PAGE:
Symposium Addresses Energy Efficiency and Moisture Control in Florida

The Florida Department of Community Affairs hosted a one-day symposium, Energy Efficiency and Moisture Control in Florida Homes, on February 28 at the Doubletree Hotel in Tampa, Fla. The purpose of the event was to identify the relationship of sensible heat load and air-conditioning systems to moisture control in the Florida climate.

It was also to discuss the concerns and in particular--from the fenestration community's standpoint--how these concerns will affect the continued effort to market and sell low solar heat gain coefficient (SHGC) glazing in Florida.
The symposium presenters discussed:

  • The effect of heat gain through windows on sensible heat loads;
  • Moisture control in Florida homes and its relationship to sensible heat loads;
  • Engineering and manufacturing latent heat removal by residential air conditioning systems;
  • Field applications of advanced residential air conditioning systems;
  • Residential air conditioning systems service industry and its competency to implement effective moisture control strategies; and
  • The critical importance of considering the glazing package when sizing air conditioning units.

Rick Dixon, chief of staff for the Florida Building Commission, noted that Florida created air infiltration standards to control the moisture flow and humidity to air handling units, primarily to reduce health risks and improve indoor air quality. These provisions were to prevent biologicals such as mold spores, dust mites, etc. from obtaining a foothold in structures built in high humidity regions such as peninsular Florida and the Gulf Coast, according to Dick Wilhelm, president of the Fenestration Manufacturers Association (FMA).

Dixon noted that the purpose of the symposium is "to assess the risk to indoor air quality, identify technology to counter that risk and develop a problem statement to identify actions and strategies to address such risk."
The topic is of importance to the fenestration industry because the FMA had sponsored numerous amendments in late 2006 to place key International Energy Conservation Code (IECC) provisions into the Florida Energy Code. These amendments were soundly defeated in the Energy TAC by the heating, air conditioning and ventilation community (HVAC) as well as the Florida Solar Energy Center (FSAC).

FMA was informed that the continued push to introduce energy-efficient windows into Florida will have a detrimental effect on the SEER 13 HVAC systems, indoor air quality and will help promote mold in Florida homes.
Chris Mathis, building science consultant with MC² served as the spokesman representing the fenestration industry's position.

A few of the points made during presentations:

  • The optimal comfort zone in the continental United States is 65 percent relative humidity at 75 degrees Fahrenheit. This matrix is recommended to inhibit mold, bacteria and mites;
  • It has been discovered that Florida and the Gulf Coast, due to high humidity, requires 55 percent relative humidity to achieve the same optimal comfort zone;
  • Bigger is better when it comes to air conditioning units does not hold for Florida or the Gulf Coast;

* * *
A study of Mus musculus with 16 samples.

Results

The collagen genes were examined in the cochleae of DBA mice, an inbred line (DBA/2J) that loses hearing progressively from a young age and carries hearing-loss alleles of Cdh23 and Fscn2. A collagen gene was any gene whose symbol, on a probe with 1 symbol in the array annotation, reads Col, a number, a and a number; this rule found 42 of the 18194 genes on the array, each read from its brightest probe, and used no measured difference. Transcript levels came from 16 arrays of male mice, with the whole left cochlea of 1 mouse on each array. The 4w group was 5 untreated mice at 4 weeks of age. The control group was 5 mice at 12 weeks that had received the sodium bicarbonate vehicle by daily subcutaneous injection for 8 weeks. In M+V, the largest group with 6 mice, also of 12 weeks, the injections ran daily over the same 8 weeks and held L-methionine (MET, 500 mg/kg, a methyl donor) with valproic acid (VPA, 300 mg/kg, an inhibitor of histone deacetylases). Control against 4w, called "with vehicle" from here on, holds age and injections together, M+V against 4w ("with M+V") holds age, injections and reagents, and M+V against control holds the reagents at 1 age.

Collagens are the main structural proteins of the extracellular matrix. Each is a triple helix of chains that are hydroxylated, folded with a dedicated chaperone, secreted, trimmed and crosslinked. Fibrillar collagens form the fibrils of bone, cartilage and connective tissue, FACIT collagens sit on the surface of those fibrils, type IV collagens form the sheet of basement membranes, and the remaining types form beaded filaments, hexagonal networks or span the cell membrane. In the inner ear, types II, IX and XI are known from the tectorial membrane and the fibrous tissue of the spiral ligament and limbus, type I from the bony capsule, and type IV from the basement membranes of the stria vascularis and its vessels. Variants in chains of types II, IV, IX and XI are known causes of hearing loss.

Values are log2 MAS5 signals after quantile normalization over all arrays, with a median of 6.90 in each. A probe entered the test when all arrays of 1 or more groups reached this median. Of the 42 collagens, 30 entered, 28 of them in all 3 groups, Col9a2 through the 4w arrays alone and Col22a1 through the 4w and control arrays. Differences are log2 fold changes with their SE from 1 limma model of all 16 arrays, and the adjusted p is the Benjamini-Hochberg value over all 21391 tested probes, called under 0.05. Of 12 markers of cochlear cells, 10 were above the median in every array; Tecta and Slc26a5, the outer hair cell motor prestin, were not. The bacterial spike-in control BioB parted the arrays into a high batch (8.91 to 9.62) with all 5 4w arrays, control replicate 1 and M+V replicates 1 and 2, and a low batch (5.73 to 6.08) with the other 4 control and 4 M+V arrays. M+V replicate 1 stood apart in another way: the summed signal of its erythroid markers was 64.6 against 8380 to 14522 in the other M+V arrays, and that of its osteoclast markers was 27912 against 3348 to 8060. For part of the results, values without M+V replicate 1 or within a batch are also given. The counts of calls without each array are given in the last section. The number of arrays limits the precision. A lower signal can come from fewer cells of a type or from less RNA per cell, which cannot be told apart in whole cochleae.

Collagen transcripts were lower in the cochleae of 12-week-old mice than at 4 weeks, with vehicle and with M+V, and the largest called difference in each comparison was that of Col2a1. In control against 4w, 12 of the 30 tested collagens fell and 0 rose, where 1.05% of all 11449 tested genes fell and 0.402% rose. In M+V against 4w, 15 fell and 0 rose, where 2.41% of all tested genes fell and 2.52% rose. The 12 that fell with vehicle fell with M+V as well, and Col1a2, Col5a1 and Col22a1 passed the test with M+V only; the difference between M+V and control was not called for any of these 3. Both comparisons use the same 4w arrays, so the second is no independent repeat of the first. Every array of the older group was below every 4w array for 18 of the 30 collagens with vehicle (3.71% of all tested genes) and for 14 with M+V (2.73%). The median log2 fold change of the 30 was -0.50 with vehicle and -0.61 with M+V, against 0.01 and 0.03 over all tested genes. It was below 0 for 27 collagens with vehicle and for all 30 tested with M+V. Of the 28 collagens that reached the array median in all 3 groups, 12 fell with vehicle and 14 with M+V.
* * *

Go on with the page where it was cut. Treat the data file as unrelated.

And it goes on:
• Retrofit of homes with new window packages may require the use of variable speed fans added to existing air conditioning units;
  • If air conditioning units are consistently oversized and the glazing is changed to low SHGC, the mold problem is compounded;
  • The HVAC community would like to see Florida require variable speed fans added to existing air conditioners; and
  • Windows are the key to sizing the HVAC system.
According to the FMA, the HVAC community would like to see:
  • A phase in of low SHGC glazing requirements;
  • Air conditioning contractors, installers and builders to be required to take a CILB course to educate them on matching the glazing to the air conditioning and heating unit;
  • Would like to maintain a performance-based code as Florida currently has;
  • Reconfigure Manual J; and
  • Demonstrate to the builder and homeowner the advantage of sizing air conditioning equipment based on low SHGC glazing package.

Arlene Stewart, president of AZS Consulting Inc. explains the several paradigm shifts occurring in building in Florida.
"FMA is pushing for a 0.4 SHGC in the prescriptive, with a 0.5 SHGC maximum in trade offs. The HVAC contractors association is concerned that there are too many shifts taking place at one time and there isn't nearly enough training available to teach them how to handle it. And even if they did, many contractors don't believe it," she continues. "Essentially, the old technologies don't have the moisture removal capacity and the technologies that do are more expensive and not necessarily routinely stocked in Florida."

Trane, Carrier and Lennox all indicated at the symposium that they had products to handle the humidity, even though they were expensive.

"The correct equipment hasn't trickled down to the guy in the field yet," Stewart adds.

The symposium concluded with two major recommendations:

  • Standardize design considerations for sizing air conditioning equipment including mechanical plans for residential construction; and
  • Create continuing educational courses for HVAC community, builders, glazing contractors and plans review.

The FMA says it will continue to remain involved in the course development. The association will be soliciting support from members to assist the DCA in course development.

"All in all, the meeting went very well for the window manufacturers because it was more a symposium about how to make the transition, rather than '… what are we going to do'," says Stewart.

For specific details on the symposium, visit http://consensus.fsu.edu.